If you have an apple or pear tree that needs a trim, now is a good time to get out and prune it. In this second of a two-part blog, we’ll look at some ways to tidy up your trees.
Please note that there’s a difference between training a tree – shaping it so that it has an open center and low, outward branches – and pruning a tree, which is keeping it cleaned up and productive. Today we’re focusing on pruning pointers; for training (shaping) the tree, see the excellent fact sheet from North Carolina State University Cooperative Extension.
On a warm, sunny day head out to the yard, gathering up a hand pruner, loppers, and a tree saw. Buckets or a wheelbarrow are helpful for carrying twigs and branches from the area once you’re done.
Be sure to take tool disinfestant with you, to clean your tools between every cut. Apples and pears are notorious for carrying Fireblight (Erwinia amylovora), a bacteria that’s lethal to these trees. Cleaning your equipment between each cut is a good plan to reduce the chance that you spread the problem. You can use a mix of 10-percent alcohol to water or use a disinfecting spray.
Stand back and look over your tree from a slight distance, checking for branches that are crossing others, broken, or diseased. These are the first you’ll remove. Twig tips that are dried out with a grayish or black appearance should be nipped off, cutting them back to a bud or to the junction of twig to branch.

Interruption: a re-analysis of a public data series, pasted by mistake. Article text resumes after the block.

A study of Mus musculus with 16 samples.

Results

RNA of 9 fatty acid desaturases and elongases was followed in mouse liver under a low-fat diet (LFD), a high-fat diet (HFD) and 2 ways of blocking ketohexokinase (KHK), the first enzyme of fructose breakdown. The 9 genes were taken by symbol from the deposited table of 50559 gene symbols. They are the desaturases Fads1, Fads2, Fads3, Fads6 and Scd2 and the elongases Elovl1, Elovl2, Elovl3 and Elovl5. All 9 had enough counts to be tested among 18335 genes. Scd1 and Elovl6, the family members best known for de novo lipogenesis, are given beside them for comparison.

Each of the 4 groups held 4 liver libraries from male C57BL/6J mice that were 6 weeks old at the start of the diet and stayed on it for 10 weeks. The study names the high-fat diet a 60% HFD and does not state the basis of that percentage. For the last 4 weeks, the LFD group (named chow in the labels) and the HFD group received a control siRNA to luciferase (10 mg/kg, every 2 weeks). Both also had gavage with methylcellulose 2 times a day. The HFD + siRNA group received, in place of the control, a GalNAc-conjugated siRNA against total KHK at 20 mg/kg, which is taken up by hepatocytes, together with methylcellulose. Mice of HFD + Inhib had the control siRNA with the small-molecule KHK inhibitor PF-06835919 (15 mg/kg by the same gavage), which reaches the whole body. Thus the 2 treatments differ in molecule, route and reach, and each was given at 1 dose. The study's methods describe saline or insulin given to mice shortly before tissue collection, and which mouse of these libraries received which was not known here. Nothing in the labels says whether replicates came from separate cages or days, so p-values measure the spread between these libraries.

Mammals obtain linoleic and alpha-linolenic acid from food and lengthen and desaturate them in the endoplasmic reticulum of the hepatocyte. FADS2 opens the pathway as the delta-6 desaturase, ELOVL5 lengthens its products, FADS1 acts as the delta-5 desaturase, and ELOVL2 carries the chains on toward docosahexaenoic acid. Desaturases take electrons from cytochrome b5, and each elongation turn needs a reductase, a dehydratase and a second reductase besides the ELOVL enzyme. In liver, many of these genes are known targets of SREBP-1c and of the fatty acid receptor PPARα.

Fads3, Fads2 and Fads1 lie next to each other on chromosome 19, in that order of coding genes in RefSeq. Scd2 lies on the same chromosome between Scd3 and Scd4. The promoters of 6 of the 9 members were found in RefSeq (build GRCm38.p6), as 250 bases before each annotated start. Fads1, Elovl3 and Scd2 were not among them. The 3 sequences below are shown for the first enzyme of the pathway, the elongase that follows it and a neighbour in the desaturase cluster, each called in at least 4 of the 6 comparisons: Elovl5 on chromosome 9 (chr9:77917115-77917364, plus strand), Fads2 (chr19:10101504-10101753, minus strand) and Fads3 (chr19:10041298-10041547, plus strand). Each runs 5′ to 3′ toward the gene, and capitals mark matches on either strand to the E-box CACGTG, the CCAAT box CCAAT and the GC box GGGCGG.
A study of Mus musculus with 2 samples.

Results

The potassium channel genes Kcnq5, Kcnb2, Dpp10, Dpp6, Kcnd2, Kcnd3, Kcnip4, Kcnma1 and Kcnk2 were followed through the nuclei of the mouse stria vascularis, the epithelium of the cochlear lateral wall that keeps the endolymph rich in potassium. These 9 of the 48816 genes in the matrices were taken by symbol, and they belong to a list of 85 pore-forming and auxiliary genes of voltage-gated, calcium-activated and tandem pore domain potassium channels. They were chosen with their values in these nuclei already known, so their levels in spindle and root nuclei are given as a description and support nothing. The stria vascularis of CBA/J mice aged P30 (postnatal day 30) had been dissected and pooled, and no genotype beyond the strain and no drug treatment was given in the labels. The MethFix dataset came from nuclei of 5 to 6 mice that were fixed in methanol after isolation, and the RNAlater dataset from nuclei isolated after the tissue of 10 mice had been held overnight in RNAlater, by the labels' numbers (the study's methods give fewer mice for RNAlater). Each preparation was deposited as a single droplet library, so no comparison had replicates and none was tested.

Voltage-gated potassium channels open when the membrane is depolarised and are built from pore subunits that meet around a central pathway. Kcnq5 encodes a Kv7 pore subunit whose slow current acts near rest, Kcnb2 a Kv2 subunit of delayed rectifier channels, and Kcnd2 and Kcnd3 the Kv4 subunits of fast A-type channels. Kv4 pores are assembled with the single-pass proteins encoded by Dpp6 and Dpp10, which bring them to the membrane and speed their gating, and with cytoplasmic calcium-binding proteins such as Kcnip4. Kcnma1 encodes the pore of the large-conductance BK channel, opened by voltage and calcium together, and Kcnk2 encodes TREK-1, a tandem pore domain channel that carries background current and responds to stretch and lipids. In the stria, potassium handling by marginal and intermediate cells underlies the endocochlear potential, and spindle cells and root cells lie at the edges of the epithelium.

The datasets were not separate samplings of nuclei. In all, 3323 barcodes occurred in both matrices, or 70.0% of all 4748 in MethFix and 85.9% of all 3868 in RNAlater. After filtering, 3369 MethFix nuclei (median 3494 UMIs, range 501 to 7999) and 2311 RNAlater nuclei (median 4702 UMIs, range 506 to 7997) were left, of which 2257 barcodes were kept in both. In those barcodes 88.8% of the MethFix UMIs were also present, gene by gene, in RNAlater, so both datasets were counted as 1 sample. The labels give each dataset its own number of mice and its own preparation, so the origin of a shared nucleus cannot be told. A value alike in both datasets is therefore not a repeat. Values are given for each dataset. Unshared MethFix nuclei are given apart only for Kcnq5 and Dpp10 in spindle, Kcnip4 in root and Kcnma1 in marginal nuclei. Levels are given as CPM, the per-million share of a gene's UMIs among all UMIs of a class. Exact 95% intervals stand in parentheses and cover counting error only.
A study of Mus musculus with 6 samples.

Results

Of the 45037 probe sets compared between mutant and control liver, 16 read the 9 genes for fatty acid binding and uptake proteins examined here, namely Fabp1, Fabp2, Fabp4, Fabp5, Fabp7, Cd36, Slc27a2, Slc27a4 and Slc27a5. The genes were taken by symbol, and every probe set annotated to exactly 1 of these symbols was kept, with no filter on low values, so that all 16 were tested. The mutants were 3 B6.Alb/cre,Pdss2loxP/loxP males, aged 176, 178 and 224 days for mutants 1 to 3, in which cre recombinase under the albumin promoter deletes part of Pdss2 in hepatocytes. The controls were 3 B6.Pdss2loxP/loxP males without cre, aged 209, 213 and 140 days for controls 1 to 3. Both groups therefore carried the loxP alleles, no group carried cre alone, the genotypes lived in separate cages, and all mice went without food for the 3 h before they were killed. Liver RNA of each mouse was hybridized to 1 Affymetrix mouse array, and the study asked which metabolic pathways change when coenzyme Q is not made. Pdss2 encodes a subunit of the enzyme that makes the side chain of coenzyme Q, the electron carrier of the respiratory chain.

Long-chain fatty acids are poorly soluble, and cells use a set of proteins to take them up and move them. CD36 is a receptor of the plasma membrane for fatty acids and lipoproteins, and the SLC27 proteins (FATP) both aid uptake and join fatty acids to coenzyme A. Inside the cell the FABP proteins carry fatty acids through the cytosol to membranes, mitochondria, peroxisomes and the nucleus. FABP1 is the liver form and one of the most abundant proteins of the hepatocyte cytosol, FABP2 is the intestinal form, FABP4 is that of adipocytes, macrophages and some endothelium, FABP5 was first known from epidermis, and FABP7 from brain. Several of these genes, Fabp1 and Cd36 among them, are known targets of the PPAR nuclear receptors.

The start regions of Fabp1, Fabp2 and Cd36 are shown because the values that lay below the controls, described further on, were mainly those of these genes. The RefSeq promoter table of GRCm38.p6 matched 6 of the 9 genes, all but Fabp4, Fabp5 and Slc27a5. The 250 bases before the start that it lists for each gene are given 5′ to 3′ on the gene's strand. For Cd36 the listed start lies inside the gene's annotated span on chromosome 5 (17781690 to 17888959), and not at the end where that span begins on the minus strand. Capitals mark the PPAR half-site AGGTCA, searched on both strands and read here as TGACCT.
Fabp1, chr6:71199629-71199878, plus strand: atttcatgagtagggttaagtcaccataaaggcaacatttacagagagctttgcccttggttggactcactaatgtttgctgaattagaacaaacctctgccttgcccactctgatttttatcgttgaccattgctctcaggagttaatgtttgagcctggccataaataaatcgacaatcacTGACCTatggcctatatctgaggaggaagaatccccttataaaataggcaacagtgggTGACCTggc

When pruning to a bud (the outward-facing side), clip it one-quarter-inch above the bud at a 45-degree angle, making your angle slant the in same direction as the bud.
Prune out any crossing or rubbing limbs, or those that grow in towards the center of the tree. Keeping the center open to sunlight means your fruit will ripen more evenly and be sweeter.
Suckers at base of apple tree. Prune these off.
Next, target water sprouts and basal suckers (the vigorous upright growth shooting up from branches or from the base of the tree). This type of growth is usually weak, and fruits poorly. Prune it completely off.
Finally, remove twigs that grow with narrow angles to the branch. Open angles – where the twig joins the branch – are strong enough to hold the weight of fruit. Narrow angles may break, especially if your tree is loaded with fruit when one of our wet fall snowstorms come through.
Apples and pears bear fruit on stubby growth, called spurs, which form on three to five year-old wood. Though most trees put on spurs naturally, some are shy about it and need a little coaxing. Known as spur pruning, this technique is best for young trees that already have good shape.
Spur pruning is done on maiden shoots only – those that are one-year-old and unflowered. Clip off the tips of these maidens, leaving just four buds. In summer, this twig will grow both flowers and woody shoots.
Apple flower bud (left) and wood bud. Flower buds are much larger, rounder, and fuzzy.
Next winter, nip back the branch to the outermost flower bud, or if there is room to let the limb get many spurs along its length, leave three or four wood buds. Apple and pear flower buds are much larger, rounder, and plumper than the buds that grow twigs.
When pruning go lightly, removing no more than one-quarter of the tree’s branches in a season. Trees store energy in roots and trunk for the following season; prune off too much while the plant is dormant and the energy is pushed into sucker growth, rather than to healthy, strong wood. Clean up your tree over several seasons if you have to, to avoid over stimulating the tree into sucker growth.